Feb 13

Center for Children’s Law and Policy Launches Project to Improve Equity and Fairness in Youth Arrest and Diversion


 

Gainesville Police Chief Tony Jones receiving the first annual ARC (Advocacy, Reform, and Change) award from CCLP on June 9, 2016 in Washington, D.C.

Today, the Center for Children’s Law and Policy (CCLP) begins a nationwide search for four local law enforcement agencies to partner in the Law Enforcement Leadership for Equity Initiative, a new effort to enhance equity and address racial and ethnic disparities in arrest for youth of color.

Click here to download the Press Release about the project.

The project is funded by a three-year grant from the W.K. Kellogg Foundation of Battle Creek, Michigan.

“Law enforcement agencies are the gatekeepers of the juvenile justice system,” said Tiana Davis, CCLP’s Policy Director for Equity and Justice. “We are thrilled to have an opportunity to work with law enforcement professionals who are committed to creating a fair and equitable justice system.”

Efforts will help law enforcement agencies to improve fairness of juvenile arrest policies, combat implicit bias, and eliminate unnecessary arrests for youth of color, without jeopardizing public safety. The Initiative will build upon CCLP’s successful prior work with law enforcement agencies throughout the country, such as the Gainesville, Florida Police Department (GPD).

According to retired GPD Captain William T. Halvosa, who currently serves as the agency’s DMC coordinator, “Law enforcement needs courageous leaders who understand their role in combatting racial and ethnic disparities. They need to begin developing innovative and strategic partnerships that challenge outdated approaches that hurt poor and minority families and instead embrace programs that focus on prevention and effective intervention.”

CCLP will select four local law enforcement agencies for participation. Each agency will receive intensive technical support for data analysis, policy implementation, and training. Each agency will also receive up to $10,000 to fund improvements that will enhance equity for youth of color and improve law enforcement partnerships with the communities of color they serve.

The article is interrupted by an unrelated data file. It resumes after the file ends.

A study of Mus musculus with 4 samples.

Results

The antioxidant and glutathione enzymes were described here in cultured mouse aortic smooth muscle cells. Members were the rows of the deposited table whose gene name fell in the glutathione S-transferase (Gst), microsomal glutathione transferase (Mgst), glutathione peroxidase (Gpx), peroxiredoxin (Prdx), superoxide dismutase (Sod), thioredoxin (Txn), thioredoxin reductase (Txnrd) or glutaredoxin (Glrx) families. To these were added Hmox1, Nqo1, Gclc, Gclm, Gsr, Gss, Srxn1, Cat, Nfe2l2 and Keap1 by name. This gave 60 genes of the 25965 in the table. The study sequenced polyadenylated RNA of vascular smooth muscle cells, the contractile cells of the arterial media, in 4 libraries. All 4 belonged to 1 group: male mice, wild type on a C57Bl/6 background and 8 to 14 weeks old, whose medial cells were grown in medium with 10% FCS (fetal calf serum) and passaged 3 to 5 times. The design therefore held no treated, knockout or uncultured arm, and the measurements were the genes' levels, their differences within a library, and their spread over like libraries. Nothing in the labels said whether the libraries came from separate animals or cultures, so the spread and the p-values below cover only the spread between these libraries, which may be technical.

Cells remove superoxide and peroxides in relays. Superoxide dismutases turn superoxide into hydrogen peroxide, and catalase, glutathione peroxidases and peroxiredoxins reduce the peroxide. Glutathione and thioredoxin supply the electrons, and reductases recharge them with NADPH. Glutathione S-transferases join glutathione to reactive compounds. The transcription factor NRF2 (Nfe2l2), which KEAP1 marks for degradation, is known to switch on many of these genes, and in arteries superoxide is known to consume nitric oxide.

For more information on the Law Enforcement Leadership for Equity Initiative, including eligibility criteria and application instructions, please visit http://www.cclp.org/the-law-enforcement-leadership-for-equity-initiative. All application materials must be submitted by March 21, 2018.

About the Center for Children’s Law and Policy.  The Center for Children’s Law and Policy is a public interest law and policy organization focused on reform of juvenile justice and other systems that affect troubled and at-risk children, and protection of the rights of children in those systems. CCLP is one of the leading national organizations working to reduce racial and ethnic disparities in juvenile justice. For more information, visit www.cclp.org.

About the W.K. Kellogg Foundation.  The W.K. Kellogg Foundation (WKKF), founded in 1930 as an independent, private foundation by breakfast cereal pioneer, Will Keith Kellogg, is among the largest philanthropic foundations in the United States. Guided by the belief that all children should have an equal opportunity to thrive, WKKF works with communities to create conditions for vulnerable children so they can realize their full potential in school, work and life.

The Kellogg Foundation is based in Battle Creek, Michigan, and works throughout the United States and internationally, as well as with sovereign tribes. Special emphasis is paid to priority places where there are high concentrations of poverty and where children face significant barriers to success. WKKF priority places in the U.S. are in Michigan, Mississippi, New Mexico and New Orleans; and internationally, are in Mexico and Haiti. For more information, visit www.wkkf.org.